Genre: Contemporary Fiction
Date Published: January 2010
Publisher: St. Martin's Press
Rating: 4 of 5 stars
Book description (from the publisher):
Lulu and Merry's childhood was never ideal, but on the day before Lulu's tenth birthday their father propels them into a nightmare. He's always hungered for the love of the girls’ self-obsessed mother; after she throws him out, their troubles turn deadly. Lulu had been warned not let her father in, but when he shows up drunk, he's impossible to ignore. He bullies his way past Lulu, who then listens in horror as her parents struggle. She runs for help, but discovers upon her return that he's murdered her mother, stabbed her five-year-old sister, Merry, and tried, unsuccessfully, to kill himself.
Lulu and Merry are effectively orphaned by their mother’s death and father’s imprisonment. The girls’ relatives refuse to care for them and abandon them to a terrifying group home. Even as they plot to be taken in by a well-to-do family, they come to learn they’ll never really belong anywhere or to anyone—that all they have to hold onto is each other.
For thirty years, the sisters try to make sense of what happened. Their imprisoned father is a specter in both their lives, shadowing every choice they make. One spends her life pretending he's dead, while the other feels compelled--by fear, by duty--to keep him close. Both dread the day his attempts to win parole may meet with success.This book takes on issues that I would consider "ripped from the headlines." While disturbing, it is not altogether shocking to hear stories on the news about domestic abuse situations that result in the death of one or both parents and children left orphaned. This novel tackles this very subject and follows the lives of two girls who have no one to take care of them after the murder of their mother by their father. The incident casts a shadow on every aspect of their lives, and the book explores the emotional carnage that each girl faces and the baggage they must carry as the "murderer's daughters."
This book is immensely readable, grabbing my attention from the very first chapter. The girls are young when their father commits the murder, and as a mother I was drawn to them and wanted to know what would happen to them. Unfortunately, their aunt (mother's sister) only sees their father in them and their grandmothers are too elderly to be able to take them in, so they are taken to a group home, where they spend their formative years. Each girl is affected differently by the murder. Lulu is the oldest, and harbors a lot of anger towards her father, refusing to see him and refusing to talk much about the incident. Merry, the youngest, was actually seriously injured by her father in the attack, yet she visited her father and kept in touch during his incarceration. It isn't until the reality of their father's parole that they really begin to deal with their feelings, fears, and anger in a useful way.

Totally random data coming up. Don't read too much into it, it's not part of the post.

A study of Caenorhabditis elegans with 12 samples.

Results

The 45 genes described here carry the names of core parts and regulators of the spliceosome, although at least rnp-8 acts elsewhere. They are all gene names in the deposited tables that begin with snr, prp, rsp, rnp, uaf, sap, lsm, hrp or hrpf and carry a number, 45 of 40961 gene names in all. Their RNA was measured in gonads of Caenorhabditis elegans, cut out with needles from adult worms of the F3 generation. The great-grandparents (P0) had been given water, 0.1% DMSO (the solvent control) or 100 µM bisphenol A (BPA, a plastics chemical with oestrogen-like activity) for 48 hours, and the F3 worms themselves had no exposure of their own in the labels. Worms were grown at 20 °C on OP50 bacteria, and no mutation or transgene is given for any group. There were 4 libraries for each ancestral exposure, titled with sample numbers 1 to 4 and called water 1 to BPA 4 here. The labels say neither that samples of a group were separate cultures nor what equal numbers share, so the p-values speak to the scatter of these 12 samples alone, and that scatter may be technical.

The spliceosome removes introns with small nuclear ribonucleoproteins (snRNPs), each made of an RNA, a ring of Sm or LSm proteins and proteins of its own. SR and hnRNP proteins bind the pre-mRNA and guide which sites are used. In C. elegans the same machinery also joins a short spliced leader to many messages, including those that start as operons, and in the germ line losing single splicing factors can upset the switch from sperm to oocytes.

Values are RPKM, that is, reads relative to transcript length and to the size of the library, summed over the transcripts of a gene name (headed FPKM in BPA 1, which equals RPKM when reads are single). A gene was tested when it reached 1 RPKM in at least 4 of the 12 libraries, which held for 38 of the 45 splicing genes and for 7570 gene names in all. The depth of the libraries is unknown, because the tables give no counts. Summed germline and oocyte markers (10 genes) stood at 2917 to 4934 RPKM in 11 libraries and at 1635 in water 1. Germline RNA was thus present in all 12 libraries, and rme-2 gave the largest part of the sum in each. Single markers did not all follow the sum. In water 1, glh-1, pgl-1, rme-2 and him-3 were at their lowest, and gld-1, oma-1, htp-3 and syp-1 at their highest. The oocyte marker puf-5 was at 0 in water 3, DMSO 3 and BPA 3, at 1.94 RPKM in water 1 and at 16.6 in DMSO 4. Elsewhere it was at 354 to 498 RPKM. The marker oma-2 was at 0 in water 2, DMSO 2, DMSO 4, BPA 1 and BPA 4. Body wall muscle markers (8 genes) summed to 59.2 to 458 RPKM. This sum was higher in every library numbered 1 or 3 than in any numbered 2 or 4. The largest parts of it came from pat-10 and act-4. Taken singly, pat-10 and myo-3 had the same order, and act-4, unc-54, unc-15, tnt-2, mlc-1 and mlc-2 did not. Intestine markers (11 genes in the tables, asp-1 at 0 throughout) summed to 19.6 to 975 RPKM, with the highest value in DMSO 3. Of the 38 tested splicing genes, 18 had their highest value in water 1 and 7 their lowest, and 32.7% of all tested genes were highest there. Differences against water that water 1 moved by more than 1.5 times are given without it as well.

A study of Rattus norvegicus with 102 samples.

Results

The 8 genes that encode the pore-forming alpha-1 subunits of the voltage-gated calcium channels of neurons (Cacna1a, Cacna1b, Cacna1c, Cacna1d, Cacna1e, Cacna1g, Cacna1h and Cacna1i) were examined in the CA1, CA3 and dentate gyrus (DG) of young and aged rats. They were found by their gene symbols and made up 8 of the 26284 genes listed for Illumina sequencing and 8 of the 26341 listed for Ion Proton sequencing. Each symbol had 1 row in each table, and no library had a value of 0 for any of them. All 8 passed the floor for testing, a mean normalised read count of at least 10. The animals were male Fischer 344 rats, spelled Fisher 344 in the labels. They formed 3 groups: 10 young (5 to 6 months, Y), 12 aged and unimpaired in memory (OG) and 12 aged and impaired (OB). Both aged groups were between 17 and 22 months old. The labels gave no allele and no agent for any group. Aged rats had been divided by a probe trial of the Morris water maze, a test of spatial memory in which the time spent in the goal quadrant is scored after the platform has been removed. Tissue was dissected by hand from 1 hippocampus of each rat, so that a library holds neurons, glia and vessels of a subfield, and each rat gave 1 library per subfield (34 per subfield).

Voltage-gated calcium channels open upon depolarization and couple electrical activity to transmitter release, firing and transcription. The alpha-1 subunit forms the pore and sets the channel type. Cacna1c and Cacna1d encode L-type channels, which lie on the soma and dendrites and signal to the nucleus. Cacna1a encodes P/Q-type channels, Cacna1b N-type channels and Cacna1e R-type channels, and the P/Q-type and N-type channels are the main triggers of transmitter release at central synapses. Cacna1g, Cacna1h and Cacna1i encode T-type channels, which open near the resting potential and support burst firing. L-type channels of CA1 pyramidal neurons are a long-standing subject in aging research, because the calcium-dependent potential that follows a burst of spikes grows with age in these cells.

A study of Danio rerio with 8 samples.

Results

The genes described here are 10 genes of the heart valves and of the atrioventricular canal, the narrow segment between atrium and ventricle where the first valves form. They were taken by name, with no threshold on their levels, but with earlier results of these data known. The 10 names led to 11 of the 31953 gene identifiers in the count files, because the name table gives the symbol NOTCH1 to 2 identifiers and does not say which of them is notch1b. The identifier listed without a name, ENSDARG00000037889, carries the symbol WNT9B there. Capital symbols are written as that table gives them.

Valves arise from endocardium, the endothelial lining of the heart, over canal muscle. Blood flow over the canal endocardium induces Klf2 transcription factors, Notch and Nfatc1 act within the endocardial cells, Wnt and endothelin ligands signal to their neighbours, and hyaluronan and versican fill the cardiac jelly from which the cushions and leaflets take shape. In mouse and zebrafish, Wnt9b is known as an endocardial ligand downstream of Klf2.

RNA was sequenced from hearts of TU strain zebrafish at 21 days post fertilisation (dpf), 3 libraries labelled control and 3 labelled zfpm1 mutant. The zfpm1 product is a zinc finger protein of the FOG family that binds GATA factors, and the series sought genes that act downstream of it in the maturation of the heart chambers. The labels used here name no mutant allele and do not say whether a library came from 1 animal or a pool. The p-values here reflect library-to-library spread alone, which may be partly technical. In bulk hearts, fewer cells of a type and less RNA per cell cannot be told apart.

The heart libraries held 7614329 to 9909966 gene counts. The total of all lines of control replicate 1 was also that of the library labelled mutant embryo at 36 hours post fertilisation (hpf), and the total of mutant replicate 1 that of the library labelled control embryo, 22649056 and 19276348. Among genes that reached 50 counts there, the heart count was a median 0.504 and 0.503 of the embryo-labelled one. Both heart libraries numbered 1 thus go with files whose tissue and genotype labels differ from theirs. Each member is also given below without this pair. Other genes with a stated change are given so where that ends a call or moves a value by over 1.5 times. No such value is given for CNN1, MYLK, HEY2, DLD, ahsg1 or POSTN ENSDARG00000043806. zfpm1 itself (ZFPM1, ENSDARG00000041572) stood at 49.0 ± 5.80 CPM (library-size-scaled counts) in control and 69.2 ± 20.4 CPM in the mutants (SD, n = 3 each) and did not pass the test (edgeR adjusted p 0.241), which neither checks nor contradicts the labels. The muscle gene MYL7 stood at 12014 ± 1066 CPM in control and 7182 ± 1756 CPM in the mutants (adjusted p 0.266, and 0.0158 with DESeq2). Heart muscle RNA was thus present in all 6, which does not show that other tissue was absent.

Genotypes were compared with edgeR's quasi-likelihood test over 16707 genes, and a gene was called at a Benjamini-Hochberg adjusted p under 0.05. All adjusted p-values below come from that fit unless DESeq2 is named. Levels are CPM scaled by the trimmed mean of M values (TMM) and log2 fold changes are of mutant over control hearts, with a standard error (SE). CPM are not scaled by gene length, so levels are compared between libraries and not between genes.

This was a very thought-provoking story that I quite enjoyed. I don't read a lot of contemporary fiction, but the book summary really called out to me and I'm glad I signed on to read it. The character development was well-done and realistic, and even though I wish the characters would have made different decisions sometimes, I still liked them and wanted them to have a happy ending after such a dismal childhood.
Definitely not a light-hearted read, but a worthwhile one. It reminded the that of all of the victims of domestic violence, the children most deserve our sympathy and support--not just in their childhood but in the years to come as they deal with the emotional scars that are left behind. This would be a great book club choice--there is a discussion guide available online to help stimulate discussion.
About the author (from TLC Book Tours):
The dark drama of Randy Susan Meyers’ debut novel is informed by her years of work with batterers, domestic violence victims, and at-risk youth impacted by family violence.
In Brooklyn, where Randy was born and raised, her local library was close enough to visit daily and she walked there from the time she figured out the route. In many ways, she was raised by books, each adding to her sense of who she could be in this world. Some marked her for horror. Reading In Cold Blood at too tender an age assured that she’d never stay alone in a country house. Others, like Heidi by Johanna Spyri, made her worship her grandfather even more.
Some taught her faith in the future. A Tree Grows In Brooklyn by Betty Smith was the only bible Randy ever owned, her personal talisman of hopefulness. Each time she read it, she was struck anew by how this author knew so much and dared to write it.
Randy now lives in Boston with her husband and is the mother of two grown daughters. She teaches writing seminars at the Grub Street Writers’ Center in Boston.
TLC Book Tours page to find out more about this great book and talented author.
To purchase the book, visit The Book Depository or an independent bookseller of your choice.
Source: Thank you to TLC Book Tours for including me as a part of this tour and to the publisher for providing me with a review copy of the book.